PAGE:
Third platform technologies such as platform-as-a-service (PaaS) will see an exponential growth, with the global market for PaaS predicted to leap to more than $14 billion in 2017 from $3.8 billion this year, as companies look to cut infrastructure costs and speed up application development.
IDC speculated that by 2020, 40% of the industry's revenue and a whopping 98% of its growth will be driven by third platform technologies that today represent just 22% of ICT spending.
Why is IDC so bullish about PaaS and similar technologies? Let's explore.
For one, industries as varied as financial services (NYSE Capital Markets Community Platform); healthcare (AT&T's joint offering with Covisint); life sciences (Illumina's BaseSpace genomics cloud platform); and smart energy (Johnson Controls' Panoptix App Marketplace) increasingly are investing in PaaS.
In addition, there are indications of faster acceptance of PaaS. Organizations are increasingly investing in PaaS offerings such as Microsoft Azure, expanding the platform's penetration, IDC said. Companies are flocking to public PaaS because the technology can lower IT infrastructure spending while providing high availability and scale.
Because of competitive pricing, organizations tend to play it safe with public PaaS including salesforce.com, Microsoft Azure, Amazon Web Services, and IBM SmartCloud Application Services. (IBM sponsors Internet Evolution.) PaaS allows enterprises to focus on developing their own value-adds and creating applications more quickly because it simplifies functional and load testing. It's also easier for companies to deploy software, thus eliminating the need to reinvent the most common platform services.
Though these developments are helping enterprises cut costs, PaaS is also trespassing on a role once traditionally considered the domain of the IT department. By 2015, 35% of most companiesí technology-related expenditures will be managed outside the IT departmentís budget, Gartner predicted. The key factor driving PaaSí success is its unprecedented ability to bridge the great technology divides that have plagued IT departments for a long time, the research firm said.
A research study by K2 Advisory -- "Sourcing IT services for the journey: The impact of Cloud on Outsourcing" -- found that nearly two-thirds of CIOs would use a business service platform either because it would deliver the most cost-effective solutions in selected non-differentiating areas -- such as HR, payroll, finance, or procurement -- or because fellow industry players used it. Businesses have a clear preference for broad, horizontal business services, rather than sector-specific capabilities, the report determined.
CIOs are keen to embrace IT cost reduction in these areas without constraining organizational development, K2 found. Highly differentiated systems designed to deliver high added value are seen as less of a good fit for standard cloud delivery. One-third of organizations surveyed were already forging ahead to build their own in-house integration skills for cloud-delivered services; ironically, 43% of respondents do not expect to address integration issues for another one to two years. More than half of CIOs expect their internal IT capabilities to provide a service integration platform, and skills to deliver business agility around the use of cloud services.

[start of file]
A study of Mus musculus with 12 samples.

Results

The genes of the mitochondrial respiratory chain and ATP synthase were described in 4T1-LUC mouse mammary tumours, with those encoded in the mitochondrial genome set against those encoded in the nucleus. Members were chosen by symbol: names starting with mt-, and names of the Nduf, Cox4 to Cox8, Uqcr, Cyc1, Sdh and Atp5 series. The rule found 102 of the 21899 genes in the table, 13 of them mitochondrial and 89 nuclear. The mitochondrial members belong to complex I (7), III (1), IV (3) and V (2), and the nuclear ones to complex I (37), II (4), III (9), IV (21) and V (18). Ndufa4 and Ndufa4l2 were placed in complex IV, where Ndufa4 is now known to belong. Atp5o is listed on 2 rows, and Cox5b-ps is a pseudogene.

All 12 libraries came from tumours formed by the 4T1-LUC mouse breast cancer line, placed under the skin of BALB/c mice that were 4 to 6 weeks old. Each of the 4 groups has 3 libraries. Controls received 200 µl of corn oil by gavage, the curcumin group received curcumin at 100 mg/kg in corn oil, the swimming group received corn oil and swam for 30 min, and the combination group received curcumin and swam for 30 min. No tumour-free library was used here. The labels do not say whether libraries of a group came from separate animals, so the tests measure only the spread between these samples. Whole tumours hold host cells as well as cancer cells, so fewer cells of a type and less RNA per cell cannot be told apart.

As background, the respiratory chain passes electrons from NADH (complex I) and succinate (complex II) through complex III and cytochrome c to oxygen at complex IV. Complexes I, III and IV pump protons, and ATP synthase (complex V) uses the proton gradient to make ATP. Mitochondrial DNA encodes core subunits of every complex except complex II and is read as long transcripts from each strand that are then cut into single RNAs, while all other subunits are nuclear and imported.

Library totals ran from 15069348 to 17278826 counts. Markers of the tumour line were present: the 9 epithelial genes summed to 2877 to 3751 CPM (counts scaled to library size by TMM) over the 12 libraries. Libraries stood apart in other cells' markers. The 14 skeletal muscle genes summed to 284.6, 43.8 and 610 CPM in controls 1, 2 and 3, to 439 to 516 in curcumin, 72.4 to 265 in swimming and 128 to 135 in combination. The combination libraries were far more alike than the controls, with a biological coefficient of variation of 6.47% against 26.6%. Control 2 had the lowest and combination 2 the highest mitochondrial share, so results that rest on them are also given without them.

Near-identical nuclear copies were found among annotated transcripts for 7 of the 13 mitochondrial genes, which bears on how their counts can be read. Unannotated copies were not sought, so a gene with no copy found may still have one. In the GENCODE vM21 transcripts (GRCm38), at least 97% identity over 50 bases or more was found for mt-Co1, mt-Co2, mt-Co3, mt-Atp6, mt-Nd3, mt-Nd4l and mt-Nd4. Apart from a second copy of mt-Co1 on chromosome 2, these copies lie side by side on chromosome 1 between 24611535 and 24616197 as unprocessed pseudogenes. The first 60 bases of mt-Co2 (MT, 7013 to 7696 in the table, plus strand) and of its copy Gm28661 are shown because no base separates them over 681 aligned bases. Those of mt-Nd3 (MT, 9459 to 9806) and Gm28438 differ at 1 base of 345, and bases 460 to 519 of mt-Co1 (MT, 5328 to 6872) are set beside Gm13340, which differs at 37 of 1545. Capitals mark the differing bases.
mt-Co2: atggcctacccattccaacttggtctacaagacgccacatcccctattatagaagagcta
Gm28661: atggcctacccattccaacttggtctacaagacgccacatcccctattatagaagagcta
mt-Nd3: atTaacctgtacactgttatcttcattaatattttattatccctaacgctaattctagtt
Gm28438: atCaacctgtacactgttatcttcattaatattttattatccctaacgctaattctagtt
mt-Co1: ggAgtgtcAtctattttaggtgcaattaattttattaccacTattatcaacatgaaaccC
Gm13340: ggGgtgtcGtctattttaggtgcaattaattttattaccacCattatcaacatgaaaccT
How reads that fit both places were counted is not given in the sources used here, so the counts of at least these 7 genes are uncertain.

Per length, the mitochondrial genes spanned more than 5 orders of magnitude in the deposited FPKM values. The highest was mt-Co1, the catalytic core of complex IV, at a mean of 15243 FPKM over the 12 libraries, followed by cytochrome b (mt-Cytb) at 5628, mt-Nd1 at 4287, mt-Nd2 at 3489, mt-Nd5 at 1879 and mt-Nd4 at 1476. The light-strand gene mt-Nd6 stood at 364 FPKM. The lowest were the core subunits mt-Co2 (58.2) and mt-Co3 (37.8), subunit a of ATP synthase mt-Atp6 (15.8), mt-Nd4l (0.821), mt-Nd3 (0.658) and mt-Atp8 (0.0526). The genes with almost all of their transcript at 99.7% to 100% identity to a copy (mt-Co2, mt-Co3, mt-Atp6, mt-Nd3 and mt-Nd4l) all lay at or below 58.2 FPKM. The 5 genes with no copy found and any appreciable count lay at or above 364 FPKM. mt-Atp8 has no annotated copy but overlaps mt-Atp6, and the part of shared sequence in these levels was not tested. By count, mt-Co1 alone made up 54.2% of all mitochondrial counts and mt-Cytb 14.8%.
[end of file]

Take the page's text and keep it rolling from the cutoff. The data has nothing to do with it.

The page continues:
To remain relevant in an age of PaaS, IT departments should adopt the following four-prong strategy:
Bridge the silos
IT staff can use the fact that they are uniquely fundamental across all departments to their benefit. It is the CIOís responsibility to bring awareness in the organization about the hidden dangers -- such as data security issues and cloud unpredictability -- that surround decentralized IT.
Participate in building and maintaining good working relationships with the vendors. That means getting involved in a user group if one exists for the application, participating on a customer advisory panel, or having regular face-to-face meetings with the cloud vendor. CIOs should insist that companies apply the same due diligence to cloud providers as they do to on-premises solution providers. Get everything in writing, and demand the same transparency that comes out of oneís own in-house IT operation
Provide a self-service platform
A good enterprise-ready PaaS will convert a static infrastructure into a dynamic powerhouse. An enterprise-ready PaaS will support any application written in any language and framework on any infrastructure that IT can access. From development through production, developers can control a self-service platform, which is safe and secure.
The service broker
CIOs must consider to what extent their internal IT department is acting as a service broker. Understanding how the cloud ecosystem develops for IT suppliers and outsourcing providers will be fundamental to IT strategies. It will become increasingly important over the next few years, and is a crucial component of sourcing IT services.
IT departments have to work out new strategies and figure out new avenues to remain relevant to the organization. Though remaining abreast of the latest technologies and adopting them is becoming increasingly challenging, with differential services the IT department can beat the competition.
— Talha Khalid is a teacher and business manager based in Pakistan.